That is essentially the claim of former Baywatch beauty Donna D'Errico. As if we mere mortals don't have enough problems with the new TSA body scan and intimate pat-downs, the TV actress is claiming that TSA screeners at the Los Angeles International Airport singled her out for a full body scan because they thought she was pretty.
D'Errico was on her way to Pittsburgh on a family emergency with her 17-year-old son when she was pulled out of the security line for an extra search, reports AoLNews. D'Errico claims that she was not given the normal choice of a TSA body scan or a pat-down, but just put right into the scan. When she asked the agent why he had singled her out, he reportedly said, "'Because you caught my eye, and they' -- pointing to the other passengers -- 'didn't.'"
D'Errico was a swimsuit-clad star of TV hit Baywatch and a Playboy Playmate (c. 1996) and yet was angered and humiliated by the treatment.
"[It] is my personal belief that they pulled me aside because they thought I was attractive," D'Errico told AoL. She went on to say that if the TSA screeners were looking those who fit the "stereotypical 'look' of a terrorist" they would have pulled aside her boyfriend, Merv Griffin Entertainment exec Roy J. Bank, who D'Errico says more closely fits that description when he hasn't shaved. Bank and a business partner were traveling on the same airline that evening on business.
Beyond any lingering accusations of narcissism by a woman who feels singled out because she is cute, the incident points up the problems the TSA still faces with the public's perception of the scanners. D'Errico claims that not only was her experience unnecessary and humiliating, but that her friend went all the way through security without realizing she had left sharp gardening shears in her carry-on bag, writes AoL. She didn't remember until she reached into the bag mid-flight, and accidentally cut her hand. So, does the screening system work? If not, is it a reasonable search under those circumstances?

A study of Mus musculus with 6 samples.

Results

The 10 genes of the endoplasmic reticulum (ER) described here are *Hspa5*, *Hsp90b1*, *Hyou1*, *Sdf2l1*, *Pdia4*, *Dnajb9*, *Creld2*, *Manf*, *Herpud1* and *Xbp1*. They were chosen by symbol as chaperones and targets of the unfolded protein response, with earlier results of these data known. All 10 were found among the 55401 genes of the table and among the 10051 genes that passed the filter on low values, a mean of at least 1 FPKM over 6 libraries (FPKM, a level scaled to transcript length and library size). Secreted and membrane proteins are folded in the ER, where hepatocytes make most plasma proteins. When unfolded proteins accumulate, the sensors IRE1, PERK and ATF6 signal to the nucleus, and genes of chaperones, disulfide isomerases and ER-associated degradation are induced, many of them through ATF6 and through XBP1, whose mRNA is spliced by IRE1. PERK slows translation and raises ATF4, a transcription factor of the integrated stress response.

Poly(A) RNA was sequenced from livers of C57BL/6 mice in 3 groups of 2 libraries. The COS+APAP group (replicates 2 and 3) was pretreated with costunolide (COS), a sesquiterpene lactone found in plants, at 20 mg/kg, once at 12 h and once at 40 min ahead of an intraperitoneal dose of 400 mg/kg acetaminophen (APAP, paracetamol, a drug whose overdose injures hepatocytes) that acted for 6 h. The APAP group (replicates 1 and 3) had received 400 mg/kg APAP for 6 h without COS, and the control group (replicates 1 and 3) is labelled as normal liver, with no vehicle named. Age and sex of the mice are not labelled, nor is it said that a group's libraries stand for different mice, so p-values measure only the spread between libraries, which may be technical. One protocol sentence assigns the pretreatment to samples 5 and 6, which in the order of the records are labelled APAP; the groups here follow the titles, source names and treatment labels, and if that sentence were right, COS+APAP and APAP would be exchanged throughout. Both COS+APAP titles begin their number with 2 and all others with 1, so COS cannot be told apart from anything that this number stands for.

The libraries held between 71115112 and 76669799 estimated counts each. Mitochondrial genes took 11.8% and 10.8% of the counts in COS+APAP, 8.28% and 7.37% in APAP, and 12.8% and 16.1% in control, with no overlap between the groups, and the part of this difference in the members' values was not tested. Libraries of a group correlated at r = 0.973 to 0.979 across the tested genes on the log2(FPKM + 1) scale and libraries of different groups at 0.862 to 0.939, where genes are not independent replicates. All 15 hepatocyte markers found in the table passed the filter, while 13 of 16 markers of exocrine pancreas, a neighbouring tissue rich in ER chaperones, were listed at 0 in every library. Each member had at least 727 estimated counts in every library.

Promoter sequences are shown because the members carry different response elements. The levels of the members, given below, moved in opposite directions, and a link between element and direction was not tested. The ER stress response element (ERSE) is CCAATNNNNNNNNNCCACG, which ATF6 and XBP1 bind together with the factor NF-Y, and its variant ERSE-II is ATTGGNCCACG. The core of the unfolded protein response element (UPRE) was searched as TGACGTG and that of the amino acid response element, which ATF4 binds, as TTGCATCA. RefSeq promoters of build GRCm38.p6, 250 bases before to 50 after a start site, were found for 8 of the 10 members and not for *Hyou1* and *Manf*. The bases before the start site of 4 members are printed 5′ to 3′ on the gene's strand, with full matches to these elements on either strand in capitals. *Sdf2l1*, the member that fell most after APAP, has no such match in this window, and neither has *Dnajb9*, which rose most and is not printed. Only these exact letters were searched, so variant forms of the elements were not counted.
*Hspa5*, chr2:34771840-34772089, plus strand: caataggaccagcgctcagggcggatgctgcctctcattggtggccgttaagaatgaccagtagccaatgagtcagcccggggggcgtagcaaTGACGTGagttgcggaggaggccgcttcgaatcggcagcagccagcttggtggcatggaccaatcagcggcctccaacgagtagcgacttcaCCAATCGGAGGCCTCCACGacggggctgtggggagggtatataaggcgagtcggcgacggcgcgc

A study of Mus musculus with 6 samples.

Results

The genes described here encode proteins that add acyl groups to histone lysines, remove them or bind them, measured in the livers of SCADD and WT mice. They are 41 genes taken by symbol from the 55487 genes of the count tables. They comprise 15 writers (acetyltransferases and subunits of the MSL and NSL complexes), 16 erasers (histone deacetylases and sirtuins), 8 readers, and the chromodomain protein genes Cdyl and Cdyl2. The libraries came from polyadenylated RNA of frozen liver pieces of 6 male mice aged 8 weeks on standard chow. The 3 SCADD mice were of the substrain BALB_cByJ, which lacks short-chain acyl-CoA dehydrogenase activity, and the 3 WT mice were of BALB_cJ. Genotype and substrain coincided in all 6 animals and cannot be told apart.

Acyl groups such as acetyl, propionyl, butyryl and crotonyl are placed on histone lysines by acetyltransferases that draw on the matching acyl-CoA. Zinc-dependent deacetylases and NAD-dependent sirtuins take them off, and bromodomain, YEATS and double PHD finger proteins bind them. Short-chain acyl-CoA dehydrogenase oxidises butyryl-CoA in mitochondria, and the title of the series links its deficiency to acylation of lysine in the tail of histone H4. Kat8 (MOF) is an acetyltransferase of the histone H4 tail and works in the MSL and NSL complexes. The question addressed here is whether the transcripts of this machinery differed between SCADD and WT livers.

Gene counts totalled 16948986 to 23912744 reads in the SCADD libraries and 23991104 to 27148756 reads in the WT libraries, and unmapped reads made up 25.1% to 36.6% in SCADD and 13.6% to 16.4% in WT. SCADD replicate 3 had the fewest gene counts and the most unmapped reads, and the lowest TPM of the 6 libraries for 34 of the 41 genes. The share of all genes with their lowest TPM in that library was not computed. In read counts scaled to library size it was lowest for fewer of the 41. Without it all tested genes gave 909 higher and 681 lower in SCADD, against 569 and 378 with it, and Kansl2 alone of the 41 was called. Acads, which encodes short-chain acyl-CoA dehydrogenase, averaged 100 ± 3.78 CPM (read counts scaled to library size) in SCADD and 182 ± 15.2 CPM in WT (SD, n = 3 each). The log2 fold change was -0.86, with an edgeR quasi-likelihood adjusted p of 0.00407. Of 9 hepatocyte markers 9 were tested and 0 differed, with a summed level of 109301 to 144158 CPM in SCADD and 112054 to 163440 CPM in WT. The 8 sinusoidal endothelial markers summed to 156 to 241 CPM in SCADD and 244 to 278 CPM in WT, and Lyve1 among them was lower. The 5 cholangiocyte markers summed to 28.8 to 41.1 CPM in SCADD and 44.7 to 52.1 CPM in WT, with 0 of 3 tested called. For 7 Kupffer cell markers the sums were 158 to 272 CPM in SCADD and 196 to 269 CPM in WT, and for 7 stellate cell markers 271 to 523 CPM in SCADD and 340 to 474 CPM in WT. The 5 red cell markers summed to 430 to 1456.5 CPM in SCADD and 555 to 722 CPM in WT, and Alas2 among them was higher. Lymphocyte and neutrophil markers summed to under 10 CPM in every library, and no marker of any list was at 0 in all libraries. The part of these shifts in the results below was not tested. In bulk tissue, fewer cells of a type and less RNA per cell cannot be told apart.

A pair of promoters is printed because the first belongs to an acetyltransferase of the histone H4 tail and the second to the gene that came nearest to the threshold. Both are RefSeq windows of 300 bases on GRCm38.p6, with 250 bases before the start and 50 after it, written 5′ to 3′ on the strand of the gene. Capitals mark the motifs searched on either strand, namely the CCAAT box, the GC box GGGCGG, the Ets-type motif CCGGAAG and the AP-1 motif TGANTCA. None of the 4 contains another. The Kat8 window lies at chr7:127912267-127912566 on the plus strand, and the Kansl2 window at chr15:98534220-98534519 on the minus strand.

TSA spokesman Nico Melendez thinks D'Errico's claims aren't accurate. "If you see the images, you'll know it's not a naked picture," he told AoL. "The passengers are selected at random and not because they're celebrities." And, he added, if the screeners were smiling and whispering as D'Errico claims, then perhaps it was because they recognized her." This statement does not help the assurance that celebs and other interesting or attractive citizens of any stripe won't be singled out for extra security attention.
Will Donna D'Errico sue? Unlikely, but her experience will be one more chalk mark on the pros and cons list of the TSA security in everyone's mind, celeb or civilian, hot or not.